71.6 F
The Villages
Saturday, November 26, 2022

The real math behind the 25% Sumter County tax increase

Craig Estep

In a recent Developer-owned Daily Sun news article the current three Sumter County Commissioners up for re-election defended their last years tax increase as a “moderate increase.” 

Let’s be perfectly clear here using the 2019-2020 budget numbers provided by the county in the budget for only the Sumter County portion of the tax.   

The last year Sumter County millage rate was 5.3365 and last fall the current 5 Sumter County Commissioners increased the millage rate to 6.7.  6.7 mills minus 5.3365 equals an increase of 1.3635 mills.  Now to get the percentage difference you take this 1.3635 increase and divide it by the original millage rate of 5.3365 and that equals an increase of 25 percent in Ad Valorem tax for the Sumter County portion of the tax roll.  You also have to account for the increase in assessed values prior to the new millage rate being applied, which then pushed many taxpayers well over the 25 percent rate for the Sumter County line only in Ad Valorem tax.  So how do you find out your specific increase?  Pull up this Randy Mask tax collector link:  https://sumter.county-taxes.com/public and enter your name or address.  Your property will appear, so select your property.  This will reflect your 2019 tax form.  Look down at the Ad Valorem Tax, and using only the Sumter County line (the top one) write down what you paid for 2019.  Now go to the top of that same form and select 2018.  Repeat looking in the Ad Valorem section and the Sumter County line only and write that number down. Subtract the 2018 (Sumter County line only) tax on the top line from the 2019 (Sumter County line only) tax on the top line and that will give you the dollar increase.  Divide the dollar increase number into your 2018 county only tax number and that shows your “real” increase in Sumter County taxes including the assessed value increase in a percentage number.   “MODERATE INCREASE” was not how the taxpayers of Sumter County defined it as they shared with Sumter County commissioner candidates Gary Search, myself, Oren Miller, and Daniel Myslakowski.  The four of us were out greeting and speaking with the people of Sumter County to attain their required 965 petition signatures to qualify for the office of County Commissioner.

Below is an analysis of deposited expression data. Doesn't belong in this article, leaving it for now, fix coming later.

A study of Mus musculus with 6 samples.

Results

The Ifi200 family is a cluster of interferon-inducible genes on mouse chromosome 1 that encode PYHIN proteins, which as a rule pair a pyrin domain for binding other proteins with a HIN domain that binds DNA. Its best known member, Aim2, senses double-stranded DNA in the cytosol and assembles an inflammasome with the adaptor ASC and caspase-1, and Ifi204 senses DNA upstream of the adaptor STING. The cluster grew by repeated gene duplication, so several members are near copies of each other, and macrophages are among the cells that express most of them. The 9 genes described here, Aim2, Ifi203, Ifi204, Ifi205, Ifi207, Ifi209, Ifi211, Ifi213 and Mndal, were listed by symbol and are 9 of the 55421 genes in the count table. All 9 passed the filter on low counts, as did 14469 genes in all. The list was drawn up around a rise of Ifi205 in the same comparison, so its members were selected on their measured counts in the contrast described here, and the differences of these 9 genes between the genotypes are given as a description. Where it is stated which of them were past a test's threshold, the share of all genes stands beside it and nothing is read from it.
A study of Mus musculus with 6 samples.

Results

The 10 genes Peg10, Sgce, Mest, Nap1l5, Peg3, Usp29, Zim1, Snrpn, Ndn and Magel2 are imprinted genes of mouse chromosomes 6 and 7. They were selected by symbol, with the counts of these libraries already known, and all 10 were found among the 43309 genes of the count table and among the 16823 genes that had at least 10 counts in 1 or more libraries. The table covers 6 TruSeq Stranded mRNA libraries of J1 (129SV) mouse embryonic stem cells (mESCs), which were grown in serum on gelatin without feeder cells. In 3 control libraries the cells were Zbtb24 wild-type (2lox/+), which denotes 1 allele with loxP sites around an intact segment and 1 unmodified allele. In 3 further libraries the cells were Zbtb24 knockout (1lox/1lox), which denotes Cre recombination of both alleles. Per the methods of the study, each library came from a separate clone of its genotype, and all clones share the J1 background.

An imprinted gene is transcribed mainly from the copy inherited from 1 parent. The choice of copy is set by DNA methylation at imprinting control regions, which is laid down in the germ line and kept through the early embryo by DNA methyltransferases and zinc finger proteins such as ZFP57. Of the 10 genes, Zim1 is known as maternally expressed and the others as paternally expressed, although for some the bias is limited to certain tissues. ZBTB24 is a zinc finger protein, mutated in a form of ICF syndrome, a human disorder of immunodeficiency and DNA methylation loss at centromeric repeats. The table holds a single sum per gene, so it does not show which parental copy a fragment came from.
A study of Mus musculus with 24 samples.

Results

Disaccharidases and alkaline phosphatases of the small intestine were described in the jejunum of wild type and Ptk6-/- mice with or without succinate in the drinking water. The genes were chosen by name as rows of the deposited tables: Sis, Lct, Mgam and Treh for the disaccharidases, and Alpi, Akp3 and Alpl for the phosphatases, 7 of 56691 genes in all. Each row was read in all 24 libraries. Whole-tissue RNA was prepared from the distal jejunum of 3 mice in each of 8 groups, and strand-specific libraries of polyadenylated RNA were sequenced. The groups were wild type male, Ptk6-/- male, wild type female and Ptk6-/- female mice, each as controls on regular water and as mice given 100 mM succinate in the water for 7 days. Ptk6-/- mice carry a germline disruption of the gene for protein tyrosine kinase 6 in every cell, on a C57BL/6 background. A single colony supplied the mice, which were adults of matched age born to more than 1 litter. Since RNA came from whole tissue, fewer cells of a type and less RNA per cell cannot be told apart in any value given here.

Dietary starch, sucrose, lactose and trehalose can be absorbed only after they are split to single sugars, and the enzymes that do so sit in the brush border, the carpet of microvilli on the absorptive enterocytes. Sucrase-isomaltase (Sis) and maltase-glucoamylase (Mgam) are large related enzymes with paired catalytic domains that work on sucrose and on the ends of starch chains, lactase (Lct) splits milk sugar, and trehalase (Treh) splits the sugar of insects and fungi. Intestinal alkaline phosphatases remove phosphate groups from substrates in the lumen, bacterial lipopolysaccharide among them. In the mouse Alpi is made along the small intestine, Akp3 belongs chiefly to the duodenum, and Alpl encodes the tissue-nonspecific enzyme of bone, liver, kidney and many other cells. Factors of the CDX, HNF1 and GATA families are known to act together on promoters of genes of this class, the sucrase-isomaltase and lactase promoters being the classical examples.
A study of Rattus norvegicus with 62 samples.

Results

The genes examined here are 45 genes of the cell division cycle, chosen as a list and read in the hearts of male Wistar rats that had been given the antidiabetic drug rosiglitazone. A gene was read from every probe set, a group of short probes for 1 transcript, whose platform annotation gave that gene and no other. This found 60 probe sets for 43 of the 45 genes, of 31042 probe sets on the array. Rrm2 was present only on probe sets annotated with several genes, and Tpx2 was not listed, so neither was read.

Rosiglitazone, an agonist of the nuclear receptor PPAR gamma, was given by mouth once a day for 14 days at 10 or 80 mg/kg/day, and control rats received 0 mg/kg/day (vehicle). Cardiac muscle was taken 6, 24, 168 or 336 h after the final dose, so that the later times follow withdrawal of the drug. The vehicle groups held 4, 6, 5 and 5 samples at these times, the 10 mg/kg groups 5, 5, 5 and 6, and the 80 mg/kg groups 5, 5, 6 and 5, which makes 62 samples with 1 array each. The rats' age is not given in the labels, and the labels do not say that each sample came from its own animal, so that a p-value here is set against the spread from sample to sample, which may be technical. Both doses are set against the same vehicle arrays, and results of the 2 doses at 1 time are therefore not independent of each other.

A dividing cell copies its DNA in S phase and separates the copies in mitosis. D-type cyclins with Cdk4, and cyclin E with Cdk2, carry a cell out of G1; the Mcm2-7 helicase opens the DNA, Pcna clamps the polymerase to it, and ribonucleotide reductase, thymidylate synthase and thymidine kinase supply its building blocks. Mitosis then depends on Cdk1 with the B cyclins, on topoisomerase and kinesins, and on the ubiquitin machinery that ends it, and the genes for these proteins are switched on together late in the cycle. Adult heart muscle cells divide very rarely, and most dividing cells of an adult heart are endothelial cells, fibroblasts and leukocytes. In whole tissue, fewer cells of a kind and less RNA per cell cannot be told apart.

As a Sumter County tax payer how would you define the tax increase? Let them know when you vote for transparency on August 18.

Gary Search – County Commissioner Candidate District 1

Craig Estep – County Commissioner Candidate District 3

Oren Miller – County Commissioner Candidate District 5

Daniel Myslakowski – County Commissioner Candidate District 5

Villager Craig Estep is a candidate for the Sumter County Commission.

Maybe you should stay home

In a Letter to the Editor, a Village of Summerhill resident says that the people who are unhappy should probably stay home.

People in The Villages are not stuck up

A Village of DeLuna resident writes that The Villages is getting to be a big place, but argues that people are not stuck up. Read his Letter to the Editor.

A message for the complainers

A Village of Orange Blossom Gardens resident, in a Letter to the Editor, says that many are enjoying life in Florida’s Friendliest Hometown. He has a message for the complainers.

The Villages is not a gated private community

A Village of McClure resident, in a Letter to the Editor, reminds his fellow residents that this is not a gated community and “outsiders” have every right to visit the town squares.

Terrance Wilson got it right in his Letter to the Editor

A Villa Alexandria resident applauds previous Letter to the Editor writer Terrance Wilson. See what she has to say.